Catholics here have been abuzz about Bishop Morlino’s letter, posted on the diocesan website, to parishioners at St Mary’s in Platteville who revolted against their priests, resulting now in the closing of the parish school which is now in financial straits. The priests belong to the traditional Secular Institute, the Society of Jesus Christ the Priest, and I know them to be good priests. Fr Z explains the story. Bishop Morlino’s letter is, to me, truly kind. It is also notably brave.
I attended 11am Mass yesterday morning at St Paul’s University Catholic Center on the UW Madison campus, where Bishop Morlino had been invited quite some time back to celebrate Mass for the students on Good Shepherd Sunday, which was also the World Day of Prayer for Vocations. Fr Nielsen, well known to be the most eager promoter of marriage, humorously explained he’d told the bishop, “too many of our young men are getting engaged! We need more of them to go into the seminary!”
The bishop’s homily was not about the priests in Platteville! They were not mentioned. It was about vocations, the need for good shepherds, and an absolutely beautiful reflection on what the prayers of the Mass for the day tells us about what kind of shepherd Jesus is, and therefore what kind of priest shepherds we need. This homily would have been a hit on the blogs if there was a video of it, because it was just so beautiful.
First of all, Bishop Morlino said, the Greek word Jesus uses for “good” when he calls himself the Good Shepherd isn’t the usual word for good, but an entirely different one that is most commonly translated as beautiful; it means superbly good, good from every perspective. Jesus is the Beautiful Shepherd.
He pointed out next the Collect: “Almighty ever-living God, lead us to a share in the joys of heaven, so that the humble flock may reach where the brave Shepherd has gone before.” Jesus is the BRAVE Shepherd who lays down his life for his sheep. Bishop Morlino he spoke of the courage good priests MUST have, especially today, to say things that are very politically incorrect, knowing they will be attacked for it.
Finally, he quoted the Prayer after Communion: “Look upon your flock, kind Shepherd, and be pleased to settle in eternal pastures the sheep you have redeemed by the Precious Blood of your Son.” Jesus is the kind shepherd! Kindness is not just “niceness”, it is far better than that.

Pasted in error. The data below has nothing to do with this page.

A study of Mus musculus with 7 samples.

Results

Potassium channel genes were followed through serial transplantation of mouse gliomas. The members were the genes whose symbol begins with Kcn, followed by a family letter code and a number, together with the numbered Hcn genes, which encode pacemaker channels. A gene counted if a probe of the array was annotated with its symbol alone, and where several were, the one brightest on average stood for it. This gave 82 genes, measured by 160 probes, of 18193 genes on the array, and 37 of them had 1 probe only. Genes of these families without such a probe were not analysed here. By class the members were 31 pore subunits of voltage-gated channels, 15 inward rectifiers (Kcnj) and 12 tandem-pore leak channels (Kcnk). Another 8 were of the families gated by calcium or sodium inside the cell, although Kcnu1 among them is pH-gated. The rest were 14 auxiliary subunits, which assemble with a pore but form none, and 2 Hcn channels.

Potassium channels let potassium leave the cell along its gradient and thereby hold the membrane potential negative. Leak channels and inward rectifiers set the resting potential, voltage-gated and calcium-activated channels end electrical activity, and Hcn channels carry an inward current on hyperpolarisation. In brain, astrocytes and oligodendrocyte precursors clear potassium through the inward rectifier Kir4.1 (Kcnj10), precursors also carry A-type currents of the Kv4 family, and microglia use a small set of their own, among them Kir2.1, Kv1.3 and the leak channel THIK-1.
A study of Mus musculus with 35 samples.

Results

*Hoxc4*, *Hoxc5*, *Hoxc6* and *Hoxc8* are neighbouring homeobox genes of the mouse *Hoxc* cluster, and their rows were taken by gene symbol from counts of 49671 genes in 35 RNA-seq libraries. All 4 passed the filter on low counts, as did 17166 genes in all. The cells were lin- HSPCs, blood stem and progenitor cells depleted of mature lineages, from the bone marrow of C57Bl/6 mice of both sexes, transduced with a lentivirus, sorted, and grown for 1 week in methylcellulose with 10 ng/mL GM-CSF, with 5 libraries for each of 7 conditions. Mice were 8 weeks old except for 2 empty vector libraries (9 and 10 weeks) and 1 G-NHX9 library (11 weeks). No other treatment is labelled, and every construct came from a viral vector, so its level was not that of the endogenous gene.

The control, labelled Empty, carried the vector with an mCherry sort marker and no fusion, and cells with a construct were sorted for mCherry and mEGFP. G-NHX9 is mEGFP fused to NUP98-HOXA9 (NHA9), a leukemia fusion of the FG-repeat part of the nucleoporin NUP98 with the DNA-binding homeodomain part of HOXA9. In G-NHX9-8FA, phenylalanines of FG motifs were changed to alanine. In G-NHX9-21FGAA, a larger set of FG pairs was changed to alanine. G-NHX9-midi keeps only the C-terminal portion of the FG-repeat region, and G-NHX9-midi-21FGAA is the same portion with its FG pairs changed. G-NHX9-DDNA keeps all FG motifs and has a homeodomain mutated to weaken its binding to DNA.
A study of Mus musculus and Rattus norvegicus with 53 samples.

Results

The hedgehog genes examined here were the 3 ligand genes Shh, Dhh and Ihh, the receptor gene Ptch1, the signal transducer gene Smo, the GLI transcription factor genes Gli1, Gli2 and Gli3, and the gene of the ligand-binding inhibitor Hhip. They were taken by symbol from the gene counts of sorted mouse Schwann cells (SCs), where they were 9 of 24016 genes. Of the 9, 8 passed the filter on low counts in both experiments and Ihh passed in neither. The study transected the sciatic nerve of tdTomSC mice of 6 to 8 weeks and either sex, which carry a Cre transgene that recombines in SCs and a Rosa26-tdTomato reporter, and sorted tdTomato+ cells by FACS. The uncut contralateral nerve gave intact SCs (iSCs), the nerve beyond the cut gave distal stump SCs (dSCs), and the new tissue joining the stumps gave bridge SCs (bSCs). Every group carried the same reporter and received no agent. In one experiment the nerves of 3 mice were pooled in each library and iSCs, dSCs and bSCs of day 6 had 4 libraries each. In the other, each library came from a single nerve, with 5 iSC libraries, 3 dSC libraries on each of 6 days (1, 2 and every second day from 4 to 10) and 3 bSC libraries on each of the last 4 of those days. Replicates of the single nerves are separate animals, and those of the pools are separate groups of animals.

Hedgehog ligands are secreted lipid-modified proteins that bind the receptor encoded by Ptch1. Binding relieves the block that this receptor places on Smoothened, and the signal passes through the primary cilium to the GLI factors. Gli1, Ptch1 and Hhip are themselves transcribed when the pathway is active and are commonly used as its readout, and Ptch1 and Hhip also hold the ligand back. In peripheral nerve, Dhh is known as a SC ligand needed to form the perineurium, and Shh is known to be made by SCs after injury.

[Update: Bishop Morlino’s Madison Catholic Herald column for the week takes up this same theme]
At the end of Mass, after Fr Nielsen testified to us that although he and Fr Sternberg (who was emcee) do all they can, they have to leave a lot of work undone and the need for priests is very great. He thanked the bishop, who then said that Archbishop Listecki had been at the Bishop O’Connor Center (the chancery) this past week giving some talks to Bishop Morlino and his staff, I think on the New Evangeliztion, and the Archbishop joked that Bishop Morlino is poaching vocations from other dioceses. Although I do not at all think Bishop Morlino has gone looking for that, the Archbishop was pointing to something true. Priests want to serve under a bishop who will support them when they shepherd in a way that is beautiful, BRAVE, and kind, and Bishop Morlino does have men coming to him even from elsewhere because they see he is a good shepherd to his diocese. I hope and pray that some of those young men present yesterday will hear the call and follow it.
Update: Syte Reitz, a fellow Cathedral Parish parishioner and blogger, has some analysis and comment on the St Mary’s Platteville situation, and the decidedly inadequate and misleading Wisconsin State Journal article about it. Syte writes, “[T]he liberal 40% of the parish is holding the rest of the parish hostage, demanding the removal of two priests as ransom, before they return giving to the previous level and prevent the closing of the school. This was not covered adequately by the WSJ article.”
I think Bishop Morlino is making an enormously great decision standing behind his priests. I also think that reminding lay people that they, too, can incur canonical censure for their behavior, is taking the laity seriously.